16/01/2020 - 12:43

Abu Dhabi investor backs WA waste project

16/01/2020 - 12:43

Tribe’s Peter McCreanor (left) and Masdar’s Niall Hannigan at the signing of the joint venture.

A global investment company based in the Middle East has become the fourth equity investor in a $511 million waste-to-energy project that commenced construction at Rockingham this month.

Renewable energy company Masdar has established a joint venture with Tribe Infrastructure Group to acquire a 40 per cent stake in the East Rockingham Resource Recovery Facility.

Masdar is a subsidiary of Mubadala Investment Company, which was established in 2017 as a global investment fund for Abu Dhabi. Mubadala has $US229 billion in assets under management.

Tribe is also based in Abu Dhabi and has been closely involved in the East Rockingham project, as an investor and financial adviser.

The joint venture’s 40 per cent holding will match the contribution made recently by UK-based John Laing Investments, which paid $51.5 million for a 40 per cent stake.

The other equity investors in the project are Swiss company Hitachi Zosen Inova, which is supplying its waste treatment technology for the plant, and Spanish engineering group ACCIONA, which is building the facility.

Tribe executive director Edward Nicholas said his group sold its 33.3 per cent stake in the project into the joint venture with Masdar.

The joint venture acquired the rest of its holding from HZI.

The four equity investors have underpinned development of the project, which was conceived by local company New Energy Corporation.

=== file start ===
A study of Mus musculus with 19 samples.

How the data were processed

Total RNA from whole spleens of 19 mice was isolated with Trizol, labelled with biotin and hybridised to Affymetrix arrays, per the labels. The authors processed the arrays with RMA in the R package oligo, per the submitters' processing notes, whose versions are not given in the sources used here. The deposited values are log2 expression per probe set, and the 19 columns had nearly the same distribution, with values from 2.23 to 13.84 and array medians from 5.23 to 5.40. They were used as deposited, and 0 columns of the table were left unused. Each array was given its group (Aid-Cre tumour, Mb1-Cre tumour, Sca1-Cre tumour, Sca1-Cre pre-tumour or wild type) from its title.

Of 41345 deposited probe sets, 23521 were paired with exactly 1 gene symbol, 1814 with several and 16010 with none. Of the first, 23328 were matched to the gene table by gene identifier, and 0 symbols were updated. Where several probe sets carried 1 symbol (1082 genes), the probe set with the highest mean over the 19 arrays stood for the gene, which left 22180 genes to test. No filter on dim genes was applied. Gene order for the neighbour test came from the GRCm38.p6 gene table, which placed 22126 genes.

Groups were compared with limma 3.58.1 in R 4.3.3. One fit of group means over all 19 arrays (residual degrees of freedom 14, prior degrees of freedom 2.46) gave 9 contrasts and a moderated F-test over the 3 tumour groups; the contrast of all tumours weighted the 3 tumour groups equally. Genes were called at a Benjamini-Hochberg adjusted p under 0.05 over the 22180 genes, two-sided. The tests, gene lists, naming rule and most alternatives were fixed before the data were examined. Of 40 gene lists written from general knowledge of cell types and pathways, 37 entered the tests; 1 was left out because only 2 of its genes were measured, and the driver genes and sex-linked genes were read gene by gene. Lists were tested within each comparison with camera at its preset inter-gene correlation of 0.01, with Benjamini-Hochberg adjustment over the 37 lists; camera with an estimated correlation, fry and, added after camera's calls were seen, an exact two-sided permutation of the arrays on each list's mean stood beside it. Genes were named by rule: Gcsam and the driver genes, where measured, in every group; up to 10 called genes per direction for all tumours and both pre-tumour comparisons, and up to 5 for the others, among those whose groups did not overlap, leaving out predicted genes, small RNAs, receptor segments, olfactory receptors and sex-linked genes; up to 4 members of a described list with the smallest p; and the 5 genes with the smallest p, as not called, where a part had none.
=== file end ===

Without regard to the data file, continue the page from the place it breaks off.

The project reached financial close just before Christmas and construction commenced this month.

When completed, the facility will process 300,000 tonnes per year of municipal, commercial and industrial waste and generate 29 megawatts of baseload electricity.

It is the second large-scale waste-to-energy project underway in Australia, with both in WA.

Avertas Energy, backed by Macquarie Capital and Dutch investment fund DIF, is building a $700 million facility nearby at Kwinana.

Masdar chief executive Mohamed Jameel Al Ramahi said the Australian waste-to-energy sector provided excellent commercial potential in the long-term.

“The problem of dealing with everyday waste is a global challenge, with more than 2 billion tonnes of municipal solid waste generated each year,” he said.

“To this end, we are proud to be helping the state of Western Australia to deliver clean sources of power generation and sustainably manage its municipal solid waste.”

Tribe chief executive Peter McCreanor signalled the two companies were looking to make further investments in Australia.

“This is just the first of numerous such development projects we’re working on, and our partnership with Masdar is an integral part of our strategy for Australia,” Mr McCreanor said.